In a post a few days ago, I speculated on when we would hear the Russian Federation finally say “Do svedanya” to Bashar al-Assad and allow for action in the United Nations. Today contained both a glimmer of hope for the prospect of that occurring and a curbstomp to the face of that chance.
Hope first. The Third Committee of the GA today had before it a draft resolution on Syrian human rights abuses initially drafted by several European states. The revised version can be found here. As noted in my previous post, several Arab states were thought likely to join on as sponsors, and that they did. Saudi Arabia, Morocco Bahrain, Jordan and Qatar were all original sponsors of the draft; during this morning’s debate, Kuwait joined on as well. Several states expressed hesitancy to support the draft, primarily those in the Non-Aligned Movement and led by Cuba, due to its singling out one state in particular’s rights abuses. The term “country-specific resolution” was thrown around a lot, as well as pleas to utilize the Universal Periodic Review process in the Human Rights Council rather than GA3 to deal with human rights. It’s worth noting that the loudest voices prior to the vote were those who have either had human rights charges level against them by the body or were extremely likely to.
The Syrian delegate, in attempting to fend off the measure, stated that the end goal of the Arab Spring is to bring about a “new Middle East, to be led by Israel”, which would then launch a new wave of ethnic cleansing. So there’s that. In the end, despite speeches by the DPRK and Iran against the measure, the final vote was recorded as 122 in favor, 13 opposed, and 41 abstentions. Among the abstentions were Yemen and Lebanon, but as has been noted on Twitter, not a single Arab state voted against the proposal, not even Sudan. Also abstaining were the Russian Federation and the People’s Republic of China, which raised several eyebrows.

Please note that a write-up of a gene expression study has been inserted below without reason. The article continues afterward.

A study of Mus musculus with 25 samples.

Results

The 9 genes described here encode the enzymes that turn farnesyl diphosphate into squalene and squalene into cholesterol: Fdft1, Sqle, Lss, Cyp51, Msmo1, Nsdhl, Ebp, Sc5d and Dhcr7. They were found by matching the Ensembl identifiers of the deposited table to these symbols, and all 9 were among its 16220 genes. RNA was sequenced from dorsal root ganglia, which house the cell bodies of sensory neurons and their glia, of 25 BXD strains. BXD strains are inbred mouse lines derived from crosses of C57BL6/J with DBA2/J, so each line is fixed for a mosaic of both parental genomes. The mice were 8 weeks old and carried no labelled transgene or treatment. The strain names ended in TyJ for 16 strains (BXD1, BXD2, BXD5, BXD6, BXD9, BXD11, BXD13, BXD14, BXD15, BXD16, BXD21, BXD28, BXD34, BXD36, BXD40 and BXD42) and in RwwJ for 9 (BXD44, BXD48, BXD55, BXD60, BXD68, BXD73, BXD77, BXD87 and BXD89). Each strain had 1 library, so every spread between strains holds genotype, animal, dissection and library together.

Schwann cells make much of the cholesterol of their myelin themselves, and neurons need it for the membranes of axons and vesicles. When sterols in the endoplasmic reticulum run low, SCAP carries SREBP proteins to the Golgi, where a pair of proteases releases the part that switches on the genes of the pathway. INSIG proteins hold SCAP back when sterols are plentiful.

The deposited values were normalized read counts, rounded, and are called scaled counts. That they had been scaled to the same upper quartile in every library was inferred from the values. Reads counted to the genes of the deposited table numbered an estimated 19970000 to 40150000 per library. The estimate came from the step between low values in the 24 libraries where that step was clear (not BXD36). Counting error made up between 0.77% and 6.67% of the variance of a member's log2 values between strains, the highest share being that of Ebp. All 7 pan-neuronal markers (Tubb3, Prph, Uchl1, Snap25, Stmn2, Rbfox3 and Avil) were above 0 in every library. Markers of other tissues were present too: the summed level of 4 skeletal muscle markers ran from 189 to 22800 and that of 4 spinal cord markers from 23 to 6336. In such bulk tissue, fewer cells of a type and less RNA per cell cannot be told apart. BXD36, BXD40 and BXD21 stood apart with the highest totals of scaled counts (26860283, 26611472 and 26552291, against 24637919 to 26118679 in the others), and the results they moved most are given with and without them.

Following the vote, much was made of the twin abstentions of the PRC and Russia, calling to mind the twin veto in October in the Security Council. Several articles and blog posts went so far as to call the move a potential shift in the Security Council, which is the spectre of hope I discussed at the start of the post. And here comes the curbstomping.
Following the vote, Russian Ambassador to the UN Vitaly Churkin spoke to Kuwait New Agency (KUNA), and had this to say:
“It’s a completely different situation. This does not mean that our position in the Security Council has changed. It does not change our position vis-a-vis the Security Council, that I can tell you,” Russian Ambassador Vitaly Churkin told KUNA following the vote.
Churkin was responding to diplomats who said the overwhelming vote in the Assembly’s Social Committee earlier today on a Syria resolution and the Arab position in Cairo and Rabat would open the door to the possibility of revisiting the Syrian issue in the Security Council in the future.
That certainly was a flush of cold water. While beaten, the sliver of hope is not quite dead yet. While the League of Arab States continues to dither on whether or not Syria is fully suspended and facing sanctions, its member states seem to be indicating quite clearly that what is happening in Syria is unacceptable. Churkin’s statement was in the abstract, however, and not in reference to specific draft resolutions or proposals on the table. We may still yet see a condemnation of Syria’s actions in the Security Council, with the potential of “further actions”. But anything beyond that will require the Arab League to take the first step and/or Russia to stand aside. Considering Russian intransigence and the fact that five days have passed since the Arab League gave a three day extension on its ultimatum, it’s unclear which is less likely at the moment.